In perhaps a minor masterpiece of understatement, the TruTV network's Website Crime Library will put it like this:
The Lizzie Borden case has mystified and fascinated those interested in crime for over one hundred years. Very few cases in American history have attracted as much attention as the hatchet murders of Andrew J. Borden and his wife, Abby Borden. The bloodiness of the acts in an otherwise respectable late nineteenth century domestic setting is startling. Along with the gruesome nature of the crimes is the unexpected character of the accused, not a hatchet-wielding maniac, but a church-going, Sunday-school-teaching, respectable, spinster-daughter, charged with parricide, the murder of parents, a crime worthy of Classical Greek tragedy. This is a murder case in which the accused is found not guilty for the violent and bloody murders of two people. There were the unusual circumstances considering that it was an era of swift justice, of vast newspaper coverage, evidence that was almost entirely circumstantial, passionately divided public opinion as to the guilt or innocence of the accused, incompetent prosecution, and acquittal.
Even more than a century after her acquittal, her case having remained secured in the fold of a divided American imagination, there would be those seriously trying to re-prosecute the case, most notably a group of Stanford Law School faculty, students, and alumni, in a mock trial over which two sitting Supreme Court Justices (William Rehnquist and Sandra Day O'Connor) would preside . . . and still concluding Lizzie Borden not guilty.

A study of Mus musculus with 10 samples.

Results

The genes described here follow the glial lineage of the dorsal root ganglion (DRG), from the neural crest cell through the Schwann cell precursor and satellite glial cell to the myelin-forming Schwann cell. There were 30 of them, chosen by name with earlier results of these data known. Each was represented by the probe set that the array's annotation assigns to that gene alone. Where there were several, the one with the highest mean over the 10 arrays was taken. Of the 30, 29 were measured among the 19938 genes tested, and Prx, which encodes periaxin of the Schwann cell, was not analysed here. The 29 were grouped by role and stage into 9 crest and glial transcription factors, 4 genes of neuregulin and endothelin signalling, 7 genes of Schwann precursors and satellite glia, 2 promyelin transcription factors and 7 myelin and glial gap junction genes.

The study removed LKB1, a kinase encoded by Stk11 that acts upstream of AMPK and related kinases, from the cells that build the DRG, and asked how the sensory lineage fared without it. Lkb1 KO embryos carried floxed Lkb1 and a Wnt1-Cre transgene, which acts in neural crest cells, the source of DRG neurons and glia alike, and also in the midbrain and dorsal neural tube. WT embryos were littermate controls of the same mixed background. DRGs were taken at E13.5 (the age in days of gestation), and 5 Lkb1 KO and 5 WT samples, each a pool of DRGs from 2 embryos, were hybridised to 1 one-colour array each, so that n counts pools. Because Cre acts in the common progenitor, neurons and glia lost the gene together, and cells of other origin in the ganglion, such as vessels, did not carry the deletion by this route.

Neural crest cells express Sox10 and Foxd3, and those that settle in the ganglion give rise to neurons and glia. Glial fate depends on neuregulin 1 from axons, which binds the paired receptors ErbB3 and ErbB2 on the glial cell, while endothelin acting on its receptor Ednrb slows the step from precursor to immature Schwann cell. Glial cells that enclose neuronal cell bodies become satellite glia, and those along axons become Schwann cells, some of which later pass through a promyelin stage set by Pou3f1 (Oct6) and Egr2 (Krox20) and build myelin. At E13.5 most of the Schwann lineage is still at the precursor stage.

And for all the notoriety that would keep the case alive in American thought and consciousness into the 21st Century, the murders of Andrew and Abby Boren will yet remain an unsolved crime.
Along the way, however, the Borden case also inspires a radio drama or three, perhaps none as terse and understated as tonight's offering. Billed by now as “the first lady of Suspense,” Agnes Moorehead has almost as classic a vehicle as Lizzie Borden as she's had as Leona Stevenson in the larger-than-life “Sorry, Wrong Number.”
Moorehead is Borden as an older woman, inviting a reporter to her home quietly to hear her recap her life, notoriety, and infamous murder trial. We'll spare the spoilers, of course, but this is not at all a bad speculation on how Borden herself actually saw the case and the trial, all things considered. And, of course, Moorehead is her usual riveting self.
Proesecutor: Joseph Kearns. Additional cast: Peggy Webber, Herb Butterfield, Rolfe Sedan, Stuffy Singer, William Wright. Music: Bernard Herrmann. Director: Elliott Lewis. Writer: Gil Doud.
The Great Gildersleeve: Encouraging Romance (NBC, 1948)—Harold Peary, Mary Lee Robb, Walter Tetley, Lillian Randolph, Richard LeGrand, Bea Benaderet, Arthur Q. Bryan, Earle Ross.
The Whistler: Hit and Run (CBS; AFRS Rebroadcast, 1946)—Bill Forman (as the Whistler), Lurene Tuttle, unidentified cast.
Boston Blackie: Blackie and the Fur Thefts (Blue Network, 1947)—Dick Kollmar, Jan Minor, Maurice Tarplin.
The Whistler: The Silent Partner (CBS, 1948)—Bill Bouchee, David Ellis, unidentified additional cast.
The Whistler: The Little Things (CBS, 1951)—Lawrence Dobkin, Gigi Pearson, Jack Moyles, Ed Max, Tony Odair.